How can CFDs fit into your portfolio?

Head of CMC Markets Canada on the benefits of the OTC investment vehicle

How can CFDs fit into your portfolio?

It’s a niche product but a CFD (contracts for difference) broker believes the OTC vehicle is the ideal portfolio supplement for investors who want a more short-term, speculative trade.

Michael Yeung, head of CMC Markets Canada, said it’s a powerful investment tool that allows clients to trade underlying assets they would typically have difficulty accessing at a low cost.

Rather than buying traditional shares that go on an exchange, it offers people an online portal to trade CFDs. Yeung said the benefit is that instead of buying an ETF that tries to track, say oil, a CFD is closer to actually buying crude.

He said: “With an CFD you are buying it by the barrel. You specify the amount in barrels and either go long or go short. The price you see on our platform would be the same that you hear on the news.

“You are not buying an ETF which has irrelevant price, you are buying at exactly what you think and hear, for example, if you think oil is going to go to $80 a barrel.”

Yeung, who said he has about 5% of his personal money in CFDs and assesses his position weekly, said investors have to be careful with finding a reputable broker – there are about five now in Canada. He also warned that clients should be comfortable with the fact the product is 20x leveraged and not mass market, meaning you can magnify your returns but also your losses as well.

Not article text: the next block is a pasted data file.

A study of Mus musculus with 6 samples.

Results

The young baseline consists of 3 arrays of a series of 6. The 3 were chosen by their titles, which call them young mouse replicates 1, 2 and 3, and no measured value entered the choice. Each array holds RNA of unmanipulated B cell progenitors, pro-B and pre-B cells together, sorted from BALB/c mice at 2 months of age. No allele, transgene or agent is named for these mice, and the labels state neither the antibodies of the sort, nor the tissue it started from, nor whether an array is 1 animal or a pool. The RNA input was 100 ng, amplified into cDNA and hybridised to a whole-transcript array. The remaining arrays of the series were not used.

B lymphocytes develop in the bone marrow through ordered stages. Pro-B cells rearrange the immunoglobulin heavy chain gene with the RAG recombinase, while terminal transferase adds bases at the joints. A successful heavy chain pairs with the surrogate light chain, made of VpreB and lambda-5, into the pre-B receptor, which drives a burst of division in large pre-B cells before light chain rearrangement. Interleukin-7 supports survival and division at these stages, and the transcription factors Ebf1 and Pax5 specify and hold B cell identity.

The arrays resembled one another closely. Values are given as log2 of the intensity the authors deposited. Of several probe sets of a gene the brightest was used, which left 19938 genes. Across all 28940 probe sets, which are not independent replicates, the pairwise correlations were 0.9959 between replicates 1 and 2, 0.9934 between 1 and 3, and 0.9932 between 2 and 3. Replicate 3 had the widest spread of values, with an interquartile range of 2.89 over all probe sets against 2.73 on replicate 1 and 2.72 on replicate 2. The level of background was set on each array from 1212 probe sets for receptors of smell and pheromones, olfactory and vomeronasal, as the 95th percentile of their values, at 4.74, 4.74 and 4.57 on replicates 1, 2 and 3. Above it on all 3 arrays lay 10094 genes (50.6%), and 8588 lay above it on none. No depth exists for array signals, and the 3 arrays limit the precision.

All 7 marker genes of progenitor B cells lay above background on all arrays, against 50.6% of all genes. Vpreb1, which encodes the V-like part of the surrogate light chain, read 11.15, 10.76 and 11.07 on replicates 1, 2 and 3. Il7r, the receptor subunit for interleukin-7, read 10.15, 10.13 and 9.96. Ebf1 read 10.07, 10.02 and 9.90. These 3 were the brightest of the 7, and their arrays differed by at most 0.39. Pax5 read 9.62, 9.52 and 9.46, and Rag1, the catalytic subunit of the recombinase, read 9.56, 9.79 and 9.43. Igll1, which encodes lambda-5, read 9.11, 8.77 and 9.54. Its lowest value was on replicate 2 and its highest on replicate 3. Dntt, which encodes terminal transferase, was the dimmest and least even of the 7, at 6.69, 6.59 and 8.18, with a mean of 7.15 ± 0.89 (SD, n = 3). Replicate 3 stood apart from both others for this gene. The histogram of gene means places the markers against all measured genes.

He said: “It’s for those looking for a more speculative trade so it could be a swing trade or a day trade, not for your typical investors. It wouldn’t be in any registered account – it’s something that supplements most people’s portfolio and it’s used for speculative trading.”

The fees, he said, are broker dependent but typically cost effective. There are overnight holding costs but, because of the leverage, a return over 3% is generally beneficial. Many fees are spread based, with oil costing 3 cents for every barrel traded, for example.

Yeung said that typically for his client base, people will hold CFDs for anything from a day trade to a month or a month and a half, with modern technology making it easy to track.

He said: “I’m quite a typical investor so I have some savings; some in real estate, I have them in registered accounts, my TFSA, but then I have an account such as ours – and everyone is different – where I put maybe 5% into an account like this and use it for quite speculative trading.

“This timeline works for me because I don’t have time to be on it every single day – I have a day job! It’s very convenient to monitor and look at because technology has moved on so much. My profits and stop losses hit at what I set so there is very little surprise.

“Obviously I’m a bit more savvy than most people but I don’t think my risk appetite is too far off a typical investor or someone who has a portfolio.”